This news would have been unheard of four years ago in Germany:
JOHANNESBURG (AP) — World soccer’s governing body says one-third of World Cup tickets remain unsold less than five months before the first tournament held in South Africa.
About 1 million of the 3 million tickets are still available, FIFA officials said Wednesday.
South Africans and Americans had made the most bids for tickets in the third round of sales, which will be settled by lottery on Monday.
FIFA secretary general Jerome Valcke dismissed concerns that South Africa — notorious for its high crime rates — would be dangerous for visiting fans.
“Don’t kill the World Cup before the World Cup is taking place,” Valcke said. “I mean give us a chance. Give South Africa a chance to organize a great World Cup. Give a chance to people to fly to South Africa and don’t tell them every day that they should not fly to South Africa.”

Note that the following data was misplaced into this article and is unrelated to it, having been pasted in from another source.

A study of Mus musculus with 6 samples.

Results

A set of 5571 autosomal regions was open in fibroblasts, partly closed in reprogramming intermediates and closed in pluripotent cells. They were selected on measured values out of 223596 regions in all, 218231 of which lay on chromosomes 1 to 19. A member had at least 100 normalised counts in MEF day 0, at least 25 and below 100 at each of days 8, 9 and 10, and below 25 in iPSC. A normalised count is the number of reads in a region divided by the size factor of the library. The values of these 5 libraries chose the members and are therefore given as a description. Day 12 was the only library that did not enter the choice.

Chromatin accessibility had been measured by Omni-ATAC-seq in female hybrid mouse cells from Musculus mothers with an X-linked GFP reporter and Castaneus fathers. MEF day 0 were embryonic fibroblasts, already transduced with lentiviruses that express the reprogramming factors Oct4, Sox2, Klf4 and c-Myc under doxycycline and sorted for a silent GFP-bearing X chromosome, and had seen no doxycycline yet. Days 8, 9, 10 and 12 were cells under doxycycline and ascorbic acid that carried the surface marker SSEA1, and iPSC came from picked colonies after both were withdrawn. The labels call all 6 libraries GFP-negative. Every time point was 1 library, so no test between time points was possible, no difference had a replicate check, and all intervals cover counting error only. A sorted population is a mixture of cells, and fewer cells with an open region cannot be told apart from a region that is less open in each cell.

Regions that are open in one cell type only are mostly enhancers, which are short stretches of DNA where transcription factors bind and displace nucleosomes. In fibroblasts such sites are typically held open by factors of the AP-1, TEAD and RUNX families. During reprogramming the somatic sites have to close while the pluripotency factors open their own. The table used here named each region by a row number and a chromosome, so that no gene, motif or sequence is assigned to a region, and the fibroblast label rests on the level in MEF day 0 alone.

FIFA has received 1.2 million ticket applications from 192 countries for the Feb. 1 draw and said that the semifinal and final matches are attracting the most demand. Some 960,000 applications came from South African residents, who are eligible for cheaper tickets.
U.S. residents sent in some 50,000 applications, followed by Britain with 41,000. Neighboring Botswana, Mozambique and Namibia made a combined 5,500 bids.
Two ticket draws remain before the World Cup begins June 11.
Valcke’s words echoed those of South African President Jacob Zuma. Speaking at the World Economic Forum in Davos, Switzerland, Zuma said Wednesday that his country would ensure the safety of fans.
South Africa has one of the world’s highest murder rates, with at least 50 people killed each day. The country plans to beef up police and training by investing in high-tech equipment and crime-busting surveillance to combat crime as well as threats from terrorists and hooligans.
Safety fears mounted after three people were killed this month when the Togo national soccer team bus was attacked en route to the African Cup of Nations in Angola.
For a more vitriolic (sensationalistic?) view of this apparently unfolding debacle check out this story from frequent FIFA critic Andrew Jennings.